The sheer number of people with a strong personal stake in the future of the renminbi is staggering. Laborers in China’s coastal provinces, central bankers around the globe, consumers across the developed world and workers in America’s factories will all feel changes large and small if the Chinese currency regime changes.
Last month, the People’s Bank of China said that it would abandon its current policy, a peg which ties the value of the renminbi to the dollar.
Since then, however, actual movements in the direction of a true floating currency have been vague. The renminbi’s value floats, but only in a narrow “band” that is limited to movements within half a percentage point of the daily rate set by the central bank, limiting both the upside and the downside.
This is actually not the first time China has dropped the peg on the renminbi; it did so in 2005, and the currency jumped 2 percent and continued to rise thereafter. The peg was restored in response to the global economic slowdown in an effort to safeguard domestic manufacturers.
The renminbi is still subject to very strict currency controls. A black market exists, but it is highly illegal and has not reached the same level as, for instance, Venezuela, where a huge number of transactions take place through the parallel market.
Domestically, China is trapped between two opposing forces – the need to remain competitive with foreign manufacturers, and thus secure China’s place as the world’s low-cost factory, and the desire of Chinese citizens to get more for their pay. China’s currency makes imports very expensive, and a burgeoning middle class has grown increasingly fond of foreign luxuries it was once not able to enjoy.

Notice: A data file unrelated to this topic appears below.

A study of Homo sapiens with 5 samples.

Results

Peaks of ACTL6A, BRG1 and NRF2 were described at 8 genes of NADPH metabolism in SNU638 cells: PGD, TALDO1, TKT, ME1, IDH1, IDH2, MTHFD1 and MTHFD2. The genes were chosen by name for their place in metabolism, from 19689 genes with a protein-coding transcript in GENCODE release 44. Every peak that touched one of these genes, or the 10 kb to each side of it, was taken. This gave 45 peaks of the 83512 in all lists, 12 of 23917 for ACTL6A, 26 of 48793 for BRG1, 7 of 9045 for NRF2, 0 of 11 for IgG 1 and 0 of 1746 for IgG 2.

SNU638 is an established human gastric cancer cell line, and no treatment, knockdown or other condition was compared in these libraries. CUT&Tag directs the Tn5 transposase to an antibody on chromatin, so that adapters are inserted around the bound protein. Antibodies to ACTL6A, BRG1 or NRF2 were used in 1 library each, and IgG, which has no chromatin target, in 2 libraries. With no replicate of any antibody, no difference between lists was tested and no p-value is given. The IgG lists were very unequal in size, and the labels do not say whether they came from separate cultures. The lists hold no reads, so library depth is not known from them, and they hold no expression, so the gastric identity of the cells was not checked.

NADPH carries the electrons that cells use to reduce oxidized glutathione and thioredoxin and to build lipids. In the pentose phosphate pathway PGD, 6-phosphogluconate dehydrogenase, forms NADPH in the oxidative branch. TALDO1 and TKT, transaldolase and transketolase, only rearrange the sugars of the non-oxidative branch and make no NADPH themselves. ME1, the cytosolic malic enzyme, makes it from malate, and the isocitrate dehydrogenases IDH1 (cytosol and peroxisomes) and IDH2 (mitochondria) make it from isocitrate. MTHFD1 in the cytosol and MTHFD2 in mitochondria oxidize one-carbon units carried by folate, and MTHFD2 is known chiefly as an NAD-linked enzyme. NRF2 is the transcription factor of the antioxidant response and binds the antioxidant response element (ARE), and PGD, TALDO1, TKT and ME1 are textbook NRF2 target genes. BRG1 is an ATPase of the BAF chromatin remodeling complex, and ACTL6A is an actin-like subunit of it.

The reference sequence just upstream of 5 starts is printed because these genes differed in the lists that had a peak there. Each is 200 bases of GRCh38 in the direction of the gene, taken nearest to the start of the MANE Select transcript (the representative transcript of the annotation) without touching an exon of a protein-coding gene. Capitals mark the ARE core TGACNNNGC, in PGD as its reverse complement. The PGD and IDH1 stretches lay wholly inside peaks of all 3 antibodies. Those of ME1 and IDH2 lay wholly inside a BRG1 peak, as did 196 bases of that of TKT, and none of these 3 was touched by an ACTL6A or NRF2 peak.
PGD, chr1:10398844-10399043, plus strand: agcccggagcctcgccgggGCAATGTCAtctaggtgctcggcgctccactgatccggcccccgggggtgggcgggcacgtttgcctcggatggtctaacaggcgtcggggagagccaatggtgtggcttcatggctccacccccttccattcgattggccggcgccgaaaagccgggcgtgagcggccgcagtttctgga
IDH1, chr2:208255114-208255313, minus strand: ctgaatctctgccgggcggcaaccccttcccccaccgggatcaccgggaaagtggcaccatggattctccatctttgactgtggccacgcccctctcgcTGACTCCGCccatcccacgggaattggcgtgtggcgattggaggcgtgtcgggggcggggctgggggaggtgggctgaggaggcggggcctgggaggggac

Some economists have calculated that the persistent undervaluation of the renminbi is equivalent to a $1,000 subsidy to every American family, in the form of cheaper goods.
The Financial Times’ Beyond BRICs section believes that Chinese regulators are slowly but surely moving to a floating currency, trying to appease both domestic concerns, which fear becoming uncompetitive, and foreign interests, which are weary of competing with Chinese imports.
“The most common explanation for the sudden flurry of announcements is that the central bank has been battling to win domestic political support for the shift to a more flexible currency, which has been resisted in many quarters,” said the column.
The remninbi’s foreign exchange future thus remains far from clear.